1: Recipe, Lady Judith Cohen Montefiore's "Matso Soup," 1846.
The first Jewish cookbook written in English is The Jewish Manual; or, Practical Information in Jewish and Modern Cookery with a Collection of Valuable Recipes & Hints Relating to the Toilett. Though the only authorial information given is "Edited by a Lady," the book is believed to have been written by Judith, Lady Moses Montefiore, wife of the world-renowned British Jewish financier and philanthropist Sir Moses Montefiore (see Barbara Kirshenblatt-Gimblett, “The Kosher Gourmet in the Nineteenth-Century Kitchen: Three Jewish Cookbooks in Historical Perspective”). The two were among the wealthiest and most prominent Jews of their day, and were passionately devoted to Jewish communal causes. Lady Montefiore helped to establish cooking schools for poor Jewish girls, who could then work as cooks in Jewish households, and this cookbook might have been used in such schools.
Published in London, The Jewish Manual includes recipes from Sephardic, Ashkenazic, and other Jewish regional traditions. The author assumes that the reader has been frustrated by non-kosher cookbooks, and takes on the task of transcribing and simplifying “all the best receipts, hitherto bequeathed only by memory or manuscript, from one generation to another of the Jewish nation.” She aims to bring Jewish cooking up to the quality acceptable for “the cuisine of a woman of refinement,” with “a pervading air of graceful originality.”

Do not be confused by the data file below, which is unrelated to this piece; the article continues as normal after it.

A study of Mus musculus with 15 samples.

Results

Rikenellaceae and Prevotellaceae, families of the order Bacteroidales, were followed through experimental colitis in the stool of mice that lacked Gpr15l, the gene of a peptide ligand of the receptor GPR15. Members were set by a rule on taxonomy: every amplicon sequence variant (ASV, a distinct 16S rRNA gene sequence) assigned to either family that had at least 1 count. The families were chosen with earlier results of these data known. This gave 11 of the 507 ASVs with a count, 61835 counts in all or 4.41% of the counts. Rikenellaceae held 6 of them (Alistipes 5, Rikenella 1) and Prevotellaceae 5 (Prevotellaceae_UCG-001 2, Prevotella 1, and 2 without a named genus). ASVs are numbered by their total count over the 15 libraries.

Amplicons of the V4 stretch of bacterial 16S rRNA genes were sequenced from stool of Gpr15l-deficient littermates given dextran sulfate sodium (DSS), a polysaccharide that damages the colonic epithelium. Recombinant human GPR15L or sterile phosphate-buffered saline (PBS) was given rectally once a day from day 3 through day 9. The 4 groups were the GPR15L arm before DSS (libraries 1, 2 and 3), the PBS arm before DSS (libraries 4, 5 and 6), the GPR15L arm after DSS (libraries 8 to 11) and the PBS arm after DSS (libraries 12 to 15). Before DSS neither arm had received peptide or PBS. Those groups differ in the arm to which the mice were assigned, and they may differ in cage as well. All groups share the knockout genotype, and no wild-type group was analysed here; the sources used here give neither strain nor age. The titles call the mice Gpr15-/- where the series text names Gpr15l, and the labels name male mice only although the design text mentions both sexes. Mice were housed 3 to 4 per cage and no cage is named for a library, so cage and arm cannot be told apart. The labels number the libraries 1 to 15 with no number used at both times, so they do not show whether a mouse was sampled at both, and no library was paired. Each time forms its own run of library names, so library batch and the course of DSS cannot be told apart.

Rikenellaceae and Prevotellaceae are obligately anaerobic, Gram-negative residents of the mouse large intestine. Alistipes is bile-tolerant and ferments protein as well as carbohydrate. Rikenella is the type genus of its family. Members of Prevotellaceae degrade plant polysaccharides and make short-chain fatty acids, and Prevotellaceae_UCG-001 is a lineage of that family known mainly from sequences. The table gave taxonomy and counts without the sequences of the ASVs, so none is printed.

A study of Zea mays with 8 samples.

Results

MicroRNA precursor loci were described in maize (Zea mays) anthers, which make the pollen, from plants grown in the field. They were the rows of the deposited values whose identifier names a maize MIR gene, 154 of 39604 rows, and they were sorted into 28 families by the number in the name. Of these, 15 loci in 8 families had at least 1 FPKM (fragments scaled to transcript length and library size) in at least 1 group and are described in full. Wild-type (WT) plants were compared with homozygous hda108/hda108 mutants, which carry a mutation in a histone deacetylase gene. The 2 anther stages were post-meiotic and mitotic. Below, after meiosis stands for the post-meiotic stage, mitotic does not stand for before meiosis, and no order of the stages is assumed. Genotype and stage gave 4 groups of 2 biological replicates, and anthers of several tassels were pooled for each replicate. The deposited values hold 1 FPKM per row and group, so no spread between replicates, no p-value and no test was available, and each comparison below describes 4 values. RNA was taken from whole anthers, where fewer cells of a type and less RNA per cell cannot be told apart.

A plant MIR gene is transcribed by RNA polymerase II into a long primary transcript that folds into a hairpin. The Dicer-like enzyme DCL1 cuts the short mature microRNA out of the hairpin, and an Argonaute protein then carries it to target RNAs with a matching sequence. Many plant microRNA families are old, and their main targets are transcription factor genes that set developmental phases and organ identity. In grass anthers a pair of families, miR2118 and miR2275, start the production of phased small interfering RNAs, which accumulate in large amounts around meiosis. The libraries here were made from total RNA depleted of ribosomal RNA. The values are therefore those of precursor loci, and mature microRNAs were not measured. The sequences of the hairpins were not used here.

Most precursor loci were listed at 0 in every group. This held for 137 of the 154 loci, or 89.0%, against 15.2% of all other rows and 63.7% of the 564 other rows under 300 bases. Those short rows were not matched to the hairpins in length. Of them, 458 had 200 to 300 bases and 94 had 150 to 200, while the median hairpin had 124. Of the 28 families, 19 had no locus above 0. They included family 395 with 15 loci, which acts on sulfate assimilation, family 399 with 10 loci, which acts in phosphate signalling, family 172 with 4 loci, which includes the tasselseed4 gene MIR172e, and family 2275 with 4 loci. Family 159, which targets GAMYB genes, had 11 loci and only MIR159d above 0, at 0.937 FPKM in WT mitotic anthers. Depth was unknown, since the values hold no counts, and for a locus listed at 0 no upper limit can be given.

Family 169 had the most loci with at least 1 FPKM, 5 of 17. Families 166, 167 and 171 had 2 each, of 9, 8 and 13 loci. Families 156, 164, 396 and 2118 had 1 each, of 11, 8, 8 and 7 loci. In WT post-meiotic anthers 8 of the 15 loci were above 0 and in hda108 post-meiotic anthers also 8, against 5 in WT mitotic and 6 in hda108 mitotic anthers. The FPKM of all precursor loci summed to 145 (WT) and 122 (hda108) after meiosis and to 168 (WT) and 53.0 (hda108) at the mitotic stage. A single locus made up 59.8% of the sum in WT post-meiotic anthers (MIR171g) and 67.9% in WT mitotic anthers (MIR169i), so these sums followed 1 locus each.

This recipe includes suet, the hard white fat found on beef kidneys and loins. Suet (khelev) is today considered a forbidden fat in Jewish law, because it was offered as a sacrifice at the ancient Temple in Jerusalem (Leviticus 3:3–4). Despite this, it played a prominent role in nineteenth-century British Jewish cooking, in which it was used as a kosher alternative to lard.
Suggested Activity: Ask your students to discuss what we can learn about people from a recipe. What do the ingredients tell us? What do the instructions about the time and effort of preparation tell us? Compare this recipe to a contemporary recipe for matzo ball soup, or to your own memories of eating it, preparing it, or seeing it prepared. What has changed and what has stayed the same? What does the use of suet — which today is not considered kosher — tell us about how Jewish food practices have changed over time?
Source: Lady Judith Cohen Montefiore (presumed), "Matso Soup" in The Jewish Manual; or, Practical Information in Jewish and Modern Cookery with a Collection of Valuable Recipes & Hints Relating to the Toilett (London: T. and W. Boone, 1846), 9-10, digitized by the Internet Archive at <https://ia600205.us.archive.org/0/items/jewishmanualorp00manugoog/jewishmanualorp00manugoog.pdf>, accessed March 1, 2018.